JP Morgan move cements Capital Dock as flagship development

Dublin docklands scheme to have 32,000sq m of office space and 190 residential units

Kennedy Wilson, the development manager of the Capital Dock site, will ultimately own an 85 per cent interest in the site, with Nama owning the balance.

Kennedy Wilson, the development manager of the Capital Dock site, will ultimately own an 85 per cent interest in the site, with Nama owning the balance.

 

Capital Dock, where JP Morgan has just acquired a 12,000sq m (130,000sq ft) building, is a development by Kennedy Wilson, an international real estate firm, in Dublin’s south docks. The 613,000sq m (660,000sq ft) development is a joint venture with the National Asset Management Agency (Nama) and Toronto-headquartered Fairfax Financial Holdings.

The US investment bank announced on Monday that it is to acquire a 12,000sq m building in a move that will provide it with the capacity to double its Irish work force to 1,000.

Kennedy Wilson confirmed that the bank would become the first major occupier of the Capital Dock development through a forward-funding sale agreement. It is understood JP Morgan will pay about €125 million for the building, about €10,400 per square metre or €961 per square foot.

“We are excited to welcome JP Morgan, through its acquisition of 200 Capital Dock, as the first major office occupier to commit to this best-in-class mixed-use campus development, to grow its existing business and meet its long-term plans in Ireland, ” said William McMorrow, chairman and chief executive of Kennedy Wilson.

Extending over 1.9 hectares (4.8 acres) on Sir John Rogerson’s Quay, the development will include 32,000sq m (345,000sq ft) of office space and 190 residential units.

Partnership

The partnership between Kennedy Wilson, which is listed on the New York Stock Exchange, and Nama began as the former sought to get zoning for the Capital Docks site. Part of that site was acquired in mid-2013 when Kennedy Wilson and its equity partner took ownership of a 3.4 acre plot.

Kennedy Wilson is reported to have paid €106 million to secure its interest in the site.

In December 2014, a joint-venture agreement was signed between Kennedy Wilson, its equity partner and Nama. The arrangement entailed Kennedy Wilson and Nama merging their adjacent sites at Sir John Rogerson’s Quay.

Kennedy Wilson, the development manager of the site, would ultimately own an 85 per cent interest in the site with Nama owning the balance.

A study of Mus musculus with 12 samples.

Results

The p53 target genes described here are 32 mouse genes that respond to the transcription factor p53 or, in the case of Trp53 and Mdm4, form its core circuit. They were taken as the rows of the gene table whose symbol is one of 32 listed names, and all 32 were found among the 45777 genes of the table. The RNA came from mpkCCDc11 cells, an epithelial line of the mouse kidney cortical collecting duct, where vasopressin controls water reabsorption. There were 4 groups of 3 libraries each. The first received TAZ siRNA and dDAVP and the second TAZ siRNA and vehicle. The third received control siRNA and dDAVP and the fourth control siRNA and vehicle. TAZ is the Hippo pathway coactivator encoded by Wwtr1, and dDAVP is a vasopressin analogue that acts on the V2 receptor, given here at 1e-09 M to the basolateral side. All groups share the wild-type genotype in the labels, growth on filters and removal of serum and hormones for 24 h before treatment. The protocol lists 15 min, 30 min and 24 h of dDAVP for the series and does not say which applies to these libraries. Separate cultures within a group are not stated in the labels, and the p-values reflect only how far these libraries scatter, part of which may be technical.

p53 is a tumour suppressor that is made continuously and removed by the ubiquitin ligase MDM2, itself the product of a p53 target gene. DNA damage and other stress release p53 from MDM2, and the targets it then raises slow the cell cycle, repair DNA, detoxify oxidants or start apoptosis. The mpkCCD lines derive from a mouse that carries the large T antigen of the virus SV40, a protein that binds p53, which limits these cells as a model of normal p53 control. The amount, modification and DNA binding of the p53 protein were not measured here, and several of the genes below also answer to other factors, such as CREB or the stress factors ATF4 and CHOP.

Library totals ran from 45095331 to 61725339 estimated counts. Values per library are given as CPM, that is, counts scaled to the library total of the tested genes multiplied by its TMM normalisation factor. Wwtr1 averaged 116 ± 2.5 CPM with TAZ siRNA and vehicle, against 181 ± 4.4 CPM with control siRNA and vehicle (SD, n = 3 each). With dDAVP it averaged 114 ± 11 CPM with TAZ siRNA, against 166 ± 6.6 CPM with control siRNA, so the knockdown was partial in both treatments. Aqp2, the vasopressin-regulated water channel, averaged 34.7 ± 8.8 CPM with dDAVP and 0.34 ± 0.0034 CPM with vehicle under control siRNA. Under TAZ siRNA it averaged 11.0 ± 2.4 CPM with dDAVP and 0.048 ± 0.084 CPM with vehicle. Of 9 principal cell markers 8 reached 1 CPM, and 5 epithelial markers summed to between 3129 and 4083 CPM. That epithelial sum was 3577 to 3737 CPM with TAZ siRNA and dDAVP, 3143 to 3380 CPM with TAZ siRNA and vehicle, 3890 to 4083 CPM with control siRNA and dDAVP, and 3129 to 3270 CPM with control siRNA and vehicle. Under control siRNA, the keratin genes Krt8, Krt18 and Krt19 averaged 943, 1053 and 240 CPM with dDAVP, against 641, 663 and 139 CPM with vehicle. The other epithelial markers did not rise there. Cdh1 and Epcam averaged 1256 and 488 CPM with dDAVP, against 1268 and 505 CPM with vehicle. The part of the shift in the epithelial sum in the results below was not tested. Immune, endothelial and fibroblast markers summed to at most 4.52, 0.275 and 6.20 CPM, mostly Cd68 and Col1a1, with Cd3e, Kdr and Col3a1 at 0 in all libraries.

Planning for the site was awarded in October 2015 and site-enabling works began a month later. The main contract was awarded to Sisk in July 2016 and was one of the biggest commercial development contracts awarded in the Irish market in recent years

Nama originally held an interest of 75 per cent in the 22 hectares of undeveloped land in the docklands strategic development zone. It is estimated that about 370,000sq m (four million square feet) of commercial space and more than 2,000 apartments will ultimately be delivered on the 15 sites originally held by Nama.

Some €250 million is being invested in Capital Dock, which is situated directly opposite the Three Arena in Dublin’s docklands and which will accommodate two large office blocks and a 23-storey residential tower.

In an interview with The Irish Times last year, Kennedy Wilson’s global chairman and chief executive Bill McMorrow said of Capital Dock: “In Los Angeles, that would be a very big development. We’re very proud of that particular project.”

The first of three office buildings is due to be delivered at Capital Dock in late 2017, followed by 190 high-quality residential apartments in mid-2018.

Last year, Alison Rohan, head of Ireland for Kennedy Wilson, said the scheme, which was designed by Irish architecture firm O’Mahony Pike, was the largest mixed-use development in Dublin’s south docks.

“As a campus location offering over 330,000sq ft of flexible office space in addition to on-site residential, leisure and retail amenities, we expect it will appeal to both Irish and international companies looking for a location in the heart of the capital, and from which to grow their business.”